New malware 'takes over' Android smartphones

Android smartphone. (Duncan Alfreds, Fin24)
Android smartphone. (Duncan Alfreds, Fin24)

Cape Town – Android smartphones running older versions of the operating system are at risk from a family of Trojan malware that could take over the functioning of a phone.

According to security firm Kaspersky Lab, the malware consists of a collection of three families - Ztorg, Gorpo and Leech - dubbed “Triada”.

The malware is propagated when people download applications via untrusted sources and Kaspersky said the software grants itself super user rights, which allow cyber criminals to install any software on a phone without the owner’s consent or knowledge.

It affects smartphones running Android operating systems 4.4.4 or earlier.

“The Triada of Ztrog, Gorpo and Leech marks a new stage in the evolution of Android-based threats. They are the first widespread malware with the potential to escalate their privileges on most devices,” said Nikita Buchka, junior malware analyst at Kaspersky Lab.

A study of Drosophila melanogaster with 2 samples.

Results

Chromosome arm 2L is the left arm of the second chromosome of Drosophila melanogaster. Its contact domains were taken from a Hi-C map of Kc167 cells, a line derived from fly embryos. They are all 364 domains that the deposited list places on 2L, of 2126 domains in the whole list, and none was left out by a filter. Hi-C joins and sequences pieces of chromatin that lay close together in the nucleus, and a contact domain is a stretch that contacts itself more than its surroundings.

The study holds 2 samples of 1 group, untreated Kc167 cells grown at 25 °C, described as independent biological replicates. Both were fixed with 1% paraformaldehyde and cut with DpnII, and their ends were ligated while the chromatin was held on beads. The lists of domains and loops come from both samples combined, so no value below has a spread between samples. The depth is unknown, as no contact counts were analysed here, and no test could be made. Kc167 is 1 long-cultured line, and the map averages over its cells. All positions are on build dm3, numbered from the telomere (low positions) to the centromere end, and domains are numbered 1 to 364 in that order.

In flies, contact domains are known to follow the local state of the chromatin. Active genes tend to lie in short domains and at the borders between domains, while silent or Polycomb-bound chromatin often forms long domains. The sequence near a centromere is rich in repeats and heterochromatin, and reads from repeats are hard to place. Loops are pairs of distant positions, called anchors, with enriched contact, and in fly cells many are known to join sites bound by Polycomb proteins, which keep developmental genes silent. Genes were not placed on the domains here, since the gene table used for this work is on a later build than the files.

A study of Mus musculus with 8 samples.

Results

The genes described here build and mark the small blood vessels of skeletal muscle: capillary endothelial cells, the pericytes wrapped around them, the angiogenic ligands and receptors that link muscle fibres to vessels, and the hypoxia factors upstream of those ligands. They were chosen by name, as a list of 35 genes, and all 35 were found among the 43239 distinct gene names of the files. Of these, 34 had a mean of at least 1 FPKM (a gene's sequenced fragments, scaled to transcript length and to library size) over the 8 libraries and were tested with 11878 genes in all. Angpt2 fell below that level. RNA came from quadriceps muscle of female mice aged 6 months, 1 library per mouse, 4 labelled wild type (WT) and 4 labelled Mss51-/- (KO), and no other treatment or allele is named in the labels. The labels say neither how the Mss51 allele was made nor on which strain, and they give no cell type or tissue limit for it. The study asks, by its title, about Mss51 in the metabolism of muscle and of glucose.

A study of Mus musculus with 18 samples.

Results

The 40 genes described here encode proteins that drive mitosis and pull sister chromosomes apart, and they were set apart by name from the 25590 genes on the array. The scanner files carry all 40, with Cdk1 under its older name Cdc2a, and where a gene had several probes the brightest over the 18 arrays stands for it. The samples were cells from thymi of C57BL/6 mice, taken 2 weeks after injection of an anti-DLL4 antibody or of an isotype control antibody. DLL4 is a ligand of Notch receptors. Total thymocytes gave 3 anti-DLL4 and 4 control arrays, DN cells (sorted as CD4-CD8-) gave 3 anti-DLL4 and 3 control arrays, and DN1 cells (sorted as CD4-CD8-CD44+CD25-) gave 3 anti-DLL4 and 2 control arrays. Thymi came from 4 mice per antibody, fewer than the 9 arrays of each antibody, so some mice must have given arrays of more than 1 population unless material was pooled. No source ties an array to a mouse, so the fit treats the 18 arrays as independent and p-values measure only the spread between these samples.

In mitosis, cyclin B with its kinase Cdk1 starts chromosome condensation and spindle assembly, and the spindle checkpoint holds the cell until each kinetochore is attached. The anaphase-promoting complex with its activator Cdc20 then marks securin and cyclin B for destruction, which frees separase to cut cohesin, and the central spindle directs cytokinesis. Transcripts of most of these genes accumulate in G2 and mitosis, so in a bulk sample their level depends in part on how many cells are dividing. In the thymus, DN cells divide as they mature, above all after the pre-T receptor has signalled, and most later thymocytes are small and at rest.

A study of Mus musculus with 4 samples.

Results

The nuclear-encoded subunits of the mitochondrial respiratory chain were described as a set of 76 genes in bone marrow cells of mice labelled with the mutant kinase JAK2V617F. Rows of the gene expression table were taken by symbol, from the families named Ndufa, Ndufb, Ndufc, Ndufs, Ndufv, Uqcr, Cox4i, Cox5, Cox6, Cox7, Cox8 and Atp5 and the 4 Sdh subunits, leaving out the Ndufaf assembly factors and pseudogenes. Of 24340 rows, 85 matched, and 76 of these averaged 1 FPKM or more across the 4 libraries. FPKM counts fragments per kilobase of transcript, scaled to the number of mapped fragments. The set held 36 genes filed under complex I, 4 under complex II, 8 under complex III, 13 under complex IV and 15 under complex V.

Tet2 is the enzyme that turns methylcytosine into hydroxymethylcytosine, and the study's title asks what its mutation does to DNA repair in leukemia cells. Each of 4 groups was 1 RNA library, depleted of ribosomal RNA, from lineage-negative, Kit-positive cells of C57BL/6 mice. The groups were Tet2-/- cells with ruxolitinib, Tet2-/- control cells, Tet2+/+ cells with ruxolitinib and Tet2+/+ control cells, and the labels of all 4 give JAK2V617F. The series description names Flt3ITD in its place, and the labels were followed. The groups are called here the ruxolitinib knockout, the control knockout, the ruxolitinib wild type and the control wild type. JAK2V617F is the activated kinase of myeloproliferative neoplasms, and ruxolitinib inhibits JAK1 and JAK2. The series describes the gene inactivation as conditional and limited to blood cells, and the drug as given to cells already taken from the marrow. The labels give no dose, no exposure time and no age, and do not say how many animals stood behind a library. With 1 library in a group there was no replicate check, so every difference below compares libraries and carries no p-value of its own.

Once Triada has loaded itself on to a device, it installs a backdoor and activates two modules that have the ability to download, install and launch applications.

Difficult options


The software also able to modify other applications such as SMS. Should a user make an in-app purchase via SMS, criminals are able to redirect the funds to themselves, rather than developers.

The company said that users are faced with either “rooting” Android devices or jailbreaking the Android operating system to get rid of Triada.

Kaspersky Lab found that nearly half of the top 20 Trojans in 2015 were able to grant themselves super user rights.

“The complexity of the Triada Trojan’s functionality proves the fact that very professional cyber criminals, with a deep understanding of the targeted mobile platform, are behind this malware,” said Kaspersky.